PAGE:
By: David Pugliese, Defence Watch
The Canadian navy’s last research vessel will be decommissioned, leaving the country’s defence scientists without their own ship to conduct research in the Arctic and other locations, according to documents leaked to Postmedia.
The Canadian Forces Auxiliary Vessel Quest, an oceanographic research ship used by the navy and Defence Research and Development Canada, was sidelined in 2014 as a result of cost-cutting measures by the Conservative government.
But on Friday afternoon an internal Department of National Defence email announced that the ship was being decommissioned.
In the email Canadian Forces Base Halifax commander Capt. Chris Sutherland confirmed he had received a letter from the Vice Chief of the Defence Staff, Vice Admiral Mark Norman, about the fate of the ship.
“I am now able to share with you the decision from the VCDS that CFAV Quest will be divested,” Sutherland wrote.
A disposal plan for the ship will be developed but Sutherland’s message did not contain details on the timing of that process.
The ship has a 55-member civilian crew, which includes defence scientists.
John MacLennan, national president for the Union of National Defence Employees, said his organization has been trying for two years to get an answer from the Canadian military and the DND about the future of the ship.
“They’ve refused to tell us anything and then on a Friday afternoon, just before a long weekend, they spring this on their employees,” said MacLennan. “It’s par for the course on the way that DND treats its workers.”
The ship has conducted valuable research in the Arctic and in testing sonar and other specialized equipment, as well as contributing to NATO testing, said MacLennan, whose union represents some of the crew.
The ship was commissioned in 1969 but underwent an upgrade in 1999.
In a 2012 article in the Canadian Naval Review, Mark Tunnicliffe, a retired navy officer, noted the vessel has a mandate of not only contributing to acoustic systems development but an “entire range of technologies and concepts needed to support the requirement specifications for the next generation of Canadian warships.”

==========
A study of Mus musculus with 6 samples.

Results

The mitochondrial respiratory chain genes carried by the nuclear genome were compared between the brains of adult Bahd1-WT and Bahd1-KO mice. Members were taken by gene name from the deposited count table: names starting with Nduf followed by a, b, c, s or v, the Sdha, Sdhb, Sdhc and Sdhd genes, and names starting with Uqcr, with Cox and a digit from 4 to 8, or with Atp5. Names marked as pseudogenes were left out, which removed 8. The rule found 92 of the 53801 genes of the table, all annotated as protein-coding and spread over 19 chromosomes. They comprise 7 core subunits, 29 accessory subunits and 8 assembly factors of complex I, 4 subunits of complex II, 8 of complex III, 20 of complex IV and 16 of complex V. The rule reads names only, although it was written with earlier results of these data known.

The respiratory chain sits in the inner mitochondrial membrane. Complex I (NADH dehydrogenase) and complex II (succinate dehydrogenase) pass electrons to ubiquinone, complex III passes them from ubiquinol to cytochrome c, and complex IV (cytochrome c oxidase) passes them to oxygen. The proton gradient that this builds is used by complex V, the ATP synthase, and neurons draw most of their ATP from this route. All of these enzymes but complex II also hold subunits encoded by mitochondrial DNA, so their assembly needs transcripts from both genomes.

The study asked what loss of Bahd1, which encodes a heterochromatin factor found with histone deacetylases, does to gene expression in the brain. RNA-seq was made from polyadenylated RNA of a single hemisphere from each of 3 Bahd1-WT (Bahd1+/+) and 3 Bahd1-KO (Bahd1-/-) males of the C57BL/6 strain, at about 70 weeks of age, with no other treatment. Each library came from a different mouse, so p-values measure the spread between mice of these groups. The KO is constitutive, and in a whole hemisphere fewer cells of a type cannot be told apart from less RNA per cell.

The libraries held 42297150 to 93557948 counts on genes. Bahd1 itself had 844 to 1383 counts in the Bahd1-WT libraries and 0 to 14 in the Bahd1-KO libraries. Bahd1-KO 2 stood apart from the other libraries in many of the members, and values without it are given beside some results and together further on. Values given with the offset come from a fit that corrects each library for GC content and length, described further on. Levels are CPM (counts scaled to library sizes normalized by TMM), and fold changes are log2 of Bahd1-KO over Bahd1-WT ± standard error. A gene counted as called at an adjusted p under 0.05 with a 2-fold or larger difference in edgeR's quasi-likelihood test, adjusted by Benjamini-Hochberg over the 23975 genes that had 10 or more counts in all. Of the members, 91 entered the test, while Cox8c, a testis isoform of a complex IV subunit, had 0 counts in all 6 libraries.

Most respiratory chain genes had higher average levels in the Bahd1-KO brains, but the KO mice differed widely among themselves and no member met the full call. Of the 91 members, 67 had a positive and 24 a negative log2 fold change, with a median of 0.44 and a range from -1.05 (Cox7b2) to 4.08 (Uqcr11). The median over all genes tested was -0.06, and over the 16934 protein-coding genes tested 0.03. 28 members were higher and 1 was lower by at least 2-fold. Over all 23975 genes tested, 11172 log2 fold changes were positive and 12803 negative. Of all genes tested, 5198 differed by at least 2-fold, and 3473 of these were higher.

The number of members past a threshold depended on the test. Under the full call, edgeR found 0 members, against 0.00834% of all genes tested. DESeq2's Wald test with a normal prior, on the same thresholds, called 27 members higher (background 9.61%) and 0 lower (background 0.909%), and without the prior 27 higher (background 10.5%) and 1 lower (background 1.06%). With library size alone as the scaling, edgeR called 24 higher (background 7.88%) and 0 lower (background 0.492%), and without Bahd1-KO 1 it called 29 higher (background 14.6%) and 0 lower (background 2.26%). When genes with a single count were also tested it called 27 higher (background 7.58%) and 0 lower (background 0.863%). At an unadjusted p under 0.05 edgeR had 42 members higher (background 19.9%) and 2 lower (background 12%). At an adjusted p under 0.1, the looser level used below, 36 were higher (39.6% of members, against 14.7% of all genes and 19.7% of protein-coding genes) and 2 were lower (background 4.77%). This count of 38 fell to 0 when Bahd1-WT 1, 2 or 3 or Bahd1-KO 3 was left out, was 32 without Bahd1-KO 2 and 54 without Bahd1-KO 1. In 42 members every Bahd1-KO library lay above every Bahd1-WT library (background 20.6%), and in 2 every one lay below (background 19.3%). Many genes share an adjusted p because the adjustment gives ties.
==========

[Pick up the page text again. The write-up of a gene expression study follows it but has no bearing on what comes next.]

During a 2012 Arctic mission, for instance, the vessel supported testing for unmanned air, surface
and subsurface vehicles and an experimental Arctic surveillance system, Tunnicliffe wrote.
Sutherland said in his email message that he wants to meet next week with union representatives as well as hold a town hall with the crew of CFAV Quest. “We are committed to working with them and supporting them through this transition,” he wrote Friday. “My biggest concern is for the crew’s welfare, and I believe we need to work together to monitor the health of the workforce and ensure individuals receive the support that they need.”
MacLennan said Vice Admiral Norman was at meetings when he asked about the fate of the ship and how the military planned to do the research job in the future. At one point he was told by Norman’s staff that the Canadian researchers could install their equipment on board U.S. vessels.
“The navy procrastinated and then they mismanaged the situation,” said MacLennan. “I don’t think they have a plan B on how to fill this capability gap.”
MacLennan said for the last two years the crew has been taking care of the ship, painting it and doing other minor jobs.